Featured Project: C-Cilia in Motion!!

Featured Project: C-Cilia in Motion!!

[youtube http://www.youtube.com/watch?v=wzGOZ7gA5X8&w=420&h=315]

Today’s featured #SciFund project is Aditya Rao’s C-Cilia in Motion!!

I love the video for this project. LOVE it. It’s one of my favorite videos of the bunch. Why? Because quite simply, I am quite often bored stiff by cellular and molecular biology. The litany of proteins, the endless cycles of metabolic processes, etc. etc. etc. And yes, I realize the grand irony of not connecting to this when I’ve ended up studying the complexity of ecosystems. (In fact much of my reading these days is about metabolic networks).

Aditya’s video changed this for me. It’s full of passion, excitement, and humor. I got REALLY excited about flagella. His love of his organism, the problem he’s studying, and the clarity of his explanation opened up something for me. Not only was the delivery and scripting pitch-perfect, but the style of the video also makes it a stand-out for me. The video opens with wonderful old-timey edited footage of the study organism in question. Throughout the video, it cuts to short images that at times make analogies and other times counterpoint the research being discussed.

It’s a fantastic example of creative storytelling about science. The viewer is left feeling not only interested in the nerdy science of the project, but has a clear vision that this is a project with huge implications.

Chlamydomonas uses its flagella to swim towards vast pools of #SciFund donations.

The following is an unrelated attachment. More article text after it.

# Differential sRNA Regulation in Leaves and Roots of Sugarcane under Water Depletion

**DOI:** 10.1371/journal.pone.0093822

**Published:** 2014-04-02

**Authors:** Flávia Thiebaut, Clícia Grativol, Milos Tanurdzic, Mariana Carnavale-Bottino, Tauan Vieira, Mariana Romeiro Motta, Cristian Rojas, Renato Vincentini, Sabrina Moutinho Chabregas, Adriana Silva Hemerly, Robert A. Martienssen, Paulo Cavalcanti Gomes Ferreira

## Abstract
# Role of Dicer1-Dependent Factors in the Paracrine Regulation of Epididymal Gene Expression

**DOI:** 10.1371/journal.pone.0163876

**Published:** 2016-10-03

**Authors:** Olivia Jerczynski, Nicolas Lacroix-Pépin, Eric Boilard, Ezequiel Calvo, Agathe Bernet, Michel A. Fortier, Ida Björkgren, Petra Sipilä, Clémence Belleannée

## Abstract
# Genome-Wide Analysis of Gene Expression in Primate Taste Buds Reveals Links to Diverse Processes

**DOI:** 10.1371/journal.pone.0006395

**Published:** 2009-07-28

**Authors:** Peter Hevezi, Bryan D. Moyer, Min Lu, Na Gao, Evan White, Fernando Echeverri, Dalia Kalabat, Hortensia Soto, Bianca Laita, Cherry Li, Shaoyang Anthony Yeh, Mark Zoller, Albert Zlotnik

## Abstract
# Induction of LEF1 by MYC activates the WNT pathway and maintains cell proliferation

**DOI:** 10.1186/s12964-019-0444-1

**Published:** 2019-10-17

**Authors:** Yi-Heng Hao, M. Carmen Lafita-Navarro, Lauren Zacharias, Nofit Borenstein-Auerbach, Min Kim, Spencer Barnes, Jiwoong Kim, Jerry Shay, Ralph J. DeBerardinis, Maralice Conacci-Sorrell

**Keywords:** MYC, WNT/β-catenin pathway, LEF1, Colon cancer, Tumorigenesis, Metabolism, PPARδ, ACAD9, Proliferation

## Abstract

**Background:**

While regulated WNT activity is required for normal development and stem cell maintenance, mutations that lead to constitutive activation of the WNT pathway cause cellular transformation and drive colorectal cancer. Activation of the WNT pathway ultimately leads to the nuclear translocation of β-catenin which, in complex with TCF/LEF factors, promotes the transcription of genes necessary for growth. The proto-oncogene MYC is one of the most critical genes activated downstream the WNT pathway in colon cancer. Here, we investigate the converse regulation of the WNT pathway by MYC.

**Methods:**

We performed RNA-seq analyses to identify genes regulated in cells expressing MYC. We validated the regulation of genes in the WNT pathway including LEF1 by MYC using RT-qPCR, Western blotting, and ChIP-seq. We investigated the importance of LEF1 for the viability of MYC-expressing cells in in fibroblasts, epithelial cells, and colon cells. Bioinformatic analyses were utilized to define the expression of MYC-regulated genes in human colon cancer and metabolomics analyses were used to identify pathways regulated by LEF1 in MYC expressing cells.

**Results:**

It’s not all video – there’s also the fantastic text of the proposal itself. From the intro

Look around you! See the world. Smell it! Hear it! Touch it! What’re you doing?

You are sensing the world you live in. And to do this, you are using special equipment like hands, eyes, tongues etc.

Now imagine that you are a tiny little cell in your body. To survive, you need to be able to sense the environment you are in. You need to find food, you need to sense danger and you need to communicate with other cells! What equipment will you use??

We know the answer to that one. The answer is a tiny whip like structure called the Cilium.

Exciting dynamic language and a clear connection to the reader. Fantastic!

All in all, it makes me wish I lived in Syracuse so that I could kick in $250 for a curry dinner and hear more about cilia! But maybe you do! Heck, even if you don’t go check out C-Cilia in Motion!! and help to #SciFund it!